The Agriculture and Horticulture Development Board (AHDB) is committing £5m to fund Britain’s next generation of agricultural experts in an effort to overhaul the industry’s “fragmented” innovation and skills pipeline.
It will plough the funds into supporting PhD university students over the next five years, following its recent report which identified a UK productivity gap worth over £4bn in lost Gross Domestic Product (GDP).
Modern agriculture is a diverse and highly advanced technological industry which has attracted increasing numbers of university students over the last 10 years. According to the Universities and Colleges Admissions Service (UCAS), agricultural student admissions in the UK have risen by more than a quarter over the last decade, from 1,485 in 2008, to 2,085 in 2017.
But industry experts have warned that the UK must overhaul its “fragmented” innovation and skills pipeline to drive change within the sector and keep pace with competitor countries.
According to the Organisation for Economic Co-operation and Development (OECD), innovation and research development is the main source of long-term agricultural productivity growth. There is also a direct correlation between business performance and levels of education, so investment in this area is critical to the success of post-Brexit UK farming.
However, increased collaboration is required to harness industry knowledge through public and private sector partnerships.
AHDB has pledged to invest £900,000 towards supporting agricultural PhD courses in 2018, with funds totalling in excess of £5m over the next five years.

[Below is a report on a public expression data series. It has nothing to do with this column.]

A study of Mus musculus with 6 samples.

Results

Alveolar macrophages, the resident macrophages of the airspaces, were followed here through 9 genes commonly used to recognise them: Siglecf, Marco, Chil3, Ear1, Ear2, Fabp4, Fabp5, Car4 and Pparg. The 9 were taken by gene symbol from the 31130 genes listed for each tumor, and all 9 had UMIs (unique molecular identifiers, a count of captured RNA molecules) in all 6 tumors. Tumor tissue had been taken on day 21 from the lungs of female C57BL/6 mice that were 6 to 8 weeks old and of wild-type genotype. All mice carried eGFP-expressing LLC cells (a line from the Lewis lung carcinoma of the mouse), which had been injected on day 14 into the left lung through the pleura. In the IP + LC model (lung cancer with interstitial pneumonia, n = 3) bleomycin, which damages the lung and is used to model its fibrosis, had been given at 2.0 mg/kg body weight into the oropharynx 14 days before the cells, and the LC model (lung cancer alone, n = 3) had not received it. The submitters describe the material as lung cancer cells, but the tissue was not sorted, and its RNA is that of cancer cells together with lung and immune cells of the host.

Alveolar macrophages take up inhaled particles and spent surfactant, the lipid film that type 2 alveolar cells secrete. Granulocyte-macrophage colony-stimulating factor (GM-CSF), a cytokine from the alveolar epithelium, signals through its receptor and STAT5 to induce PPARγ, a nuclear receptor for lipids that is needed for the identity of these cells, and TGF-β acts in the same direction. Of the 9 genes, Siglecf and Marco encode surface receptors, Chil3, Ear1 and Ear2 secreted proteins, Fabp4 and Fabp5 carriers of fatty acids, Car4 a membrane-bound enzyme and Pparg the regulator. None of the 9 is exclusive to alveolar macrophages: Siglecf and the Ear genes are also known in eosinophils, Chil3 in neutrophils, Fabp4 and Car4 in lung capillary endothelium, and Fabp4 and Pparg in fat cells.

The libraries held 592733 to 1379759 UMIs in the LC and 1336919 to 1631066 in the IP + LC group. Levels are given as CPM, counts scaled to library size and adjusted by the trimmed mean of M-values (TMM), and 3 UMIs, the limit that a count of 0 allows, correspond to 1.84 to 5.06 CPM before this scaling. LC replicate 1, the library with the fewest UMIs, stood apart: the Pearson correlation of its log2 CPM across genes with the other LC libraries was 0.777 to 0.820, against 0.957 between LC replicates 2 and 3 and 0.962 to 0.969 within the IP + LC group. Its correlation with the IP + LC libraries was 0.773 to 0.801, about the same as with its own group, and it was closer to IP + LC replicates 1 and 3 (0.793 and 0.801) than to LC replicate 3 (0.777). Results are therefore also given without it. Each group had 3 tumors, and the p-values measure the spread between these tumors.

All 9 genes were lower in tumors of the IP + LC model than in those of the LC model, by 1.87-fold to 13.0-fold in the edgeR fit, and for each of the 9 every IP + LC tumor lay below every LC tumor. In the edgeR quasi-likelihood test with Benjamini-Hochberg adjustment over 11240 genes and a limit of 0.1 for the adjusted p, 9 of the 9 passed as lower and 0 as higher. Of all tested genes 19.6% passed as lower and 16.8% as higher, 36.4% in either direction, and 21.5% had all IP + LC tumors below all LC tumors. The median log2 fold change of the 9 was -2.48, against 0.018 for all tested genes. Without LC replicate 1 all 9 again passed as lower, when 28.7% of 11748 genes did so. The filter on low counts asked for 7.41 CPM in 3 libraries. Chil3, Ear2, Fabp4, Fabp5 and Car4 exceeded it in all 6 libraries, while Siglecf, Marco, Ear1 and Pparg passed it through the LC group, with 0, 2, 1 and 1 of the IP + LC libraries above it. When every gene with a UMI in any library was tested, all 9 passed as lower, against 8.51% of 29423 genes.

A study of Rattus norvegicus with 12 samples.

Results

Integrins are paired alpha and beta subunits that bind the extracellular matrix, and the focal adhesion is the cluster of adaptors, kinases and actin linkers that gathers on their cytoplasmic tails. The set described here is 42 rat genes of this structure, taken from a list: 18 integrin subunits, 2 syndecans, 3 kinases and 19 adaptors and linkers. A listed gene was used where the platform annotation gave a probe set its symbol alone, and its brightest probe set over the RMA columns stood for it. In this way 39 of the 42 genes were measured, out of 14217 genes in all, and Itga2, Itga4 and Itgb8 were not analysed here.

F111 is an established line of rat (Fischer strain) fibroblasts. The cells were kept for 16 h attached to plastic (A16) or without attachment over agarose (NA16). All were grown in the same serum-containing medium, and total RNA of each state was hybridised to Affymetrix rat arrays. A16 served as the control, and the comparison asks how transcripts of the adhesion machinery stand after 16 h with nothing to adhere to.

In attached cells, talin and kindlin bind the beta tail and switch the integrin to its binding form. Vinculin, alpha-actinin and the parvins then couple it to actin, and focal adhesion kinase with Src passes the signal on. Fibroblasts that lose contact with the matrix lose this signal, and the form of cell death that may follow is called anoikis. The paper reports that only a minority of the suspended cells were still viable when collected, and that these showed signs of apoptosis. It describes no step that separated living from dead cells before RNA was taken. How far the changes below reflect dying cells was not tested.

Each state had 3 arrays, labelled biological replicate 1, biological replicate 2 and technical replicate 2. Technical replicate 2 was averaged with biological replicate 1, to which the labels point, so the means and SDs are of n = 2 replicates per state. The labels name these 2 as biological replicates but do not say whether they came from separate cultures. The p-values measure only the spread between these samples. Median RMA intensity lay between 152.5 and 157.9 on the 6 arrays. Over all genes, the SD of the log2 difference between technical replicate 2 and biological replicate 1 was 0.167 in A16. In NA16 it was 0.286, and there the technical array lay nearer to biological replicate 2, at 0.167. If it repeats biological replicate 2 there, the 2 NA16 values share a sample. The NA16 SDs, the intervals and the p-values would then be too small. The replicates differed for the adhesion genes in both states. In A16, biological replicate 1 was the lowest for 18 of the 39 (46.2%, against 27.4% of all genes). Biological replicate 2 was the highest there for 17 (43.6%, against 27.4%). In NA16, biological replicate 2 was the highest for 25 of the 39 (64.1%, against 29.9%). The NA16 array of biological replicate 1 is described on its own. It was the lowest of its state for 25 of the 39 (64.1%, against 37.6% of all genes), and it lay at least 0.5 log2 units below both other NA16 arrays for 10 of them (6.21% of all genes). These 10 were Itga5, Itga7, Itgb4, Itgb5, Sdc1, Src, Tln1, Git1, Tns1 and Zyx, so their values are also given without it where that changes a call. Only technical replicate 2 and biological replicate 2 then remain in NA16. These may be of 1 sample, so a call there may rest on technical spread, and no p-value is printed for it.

Commenting on the funding commitment, AHDB Chief Technical Officer Richard Laverick said: “This investment will help universities forge stronger links with the UK’s fast-evolving agricultural industry by delivering practical technical developments which are relevant to industry priorities.
“It further provides a unique and cost-effective opportunity to build expertise and understanding of novel technical practices, supporting growers, producers and others in the UK supply chain.”
Investment in agricultural innovation has been bolstered in recent years through the government’s Agri-Tech strategy. Public and private sector funding totalled approximately £490m in 2015, putting the UK ahead of some of its main competitors in terms of investment as a proportion of Gross Value Added (GVA).
However, public funding of agricultural R&D remains heavily skewed towards ‘blue sky’ research, rather than near-market application, AHDB has warned.
Having invested approximately £4m in PhD programmes over the last 5 years, supporting 80 studentships annually, AHDB remains the only public UK organisation committed to funding studentships with practical, direct and specific industry relevance.
Welcoming today’s announcement, Dr Jim Monaghan, Director of the Fresh Produce Research Centre at Harper Adams University, said: “We really need to attract more skilled young people into technical careers in agriculture to address the coming challenges of feeding the UK in a changing world. AHDB PhD studentships are part of the solution; the students get the best of both worlds, sound scientific training linked to real world problems.”
“Experience of other countries tells us that those with more integrated and coordinated knowledge exchange frameworks stand a better chance of growing productivity. Working with industry, research organisations, charities and other funders towards the same goal will be the key to the UK’s success in years to come,” Mr Laverick added.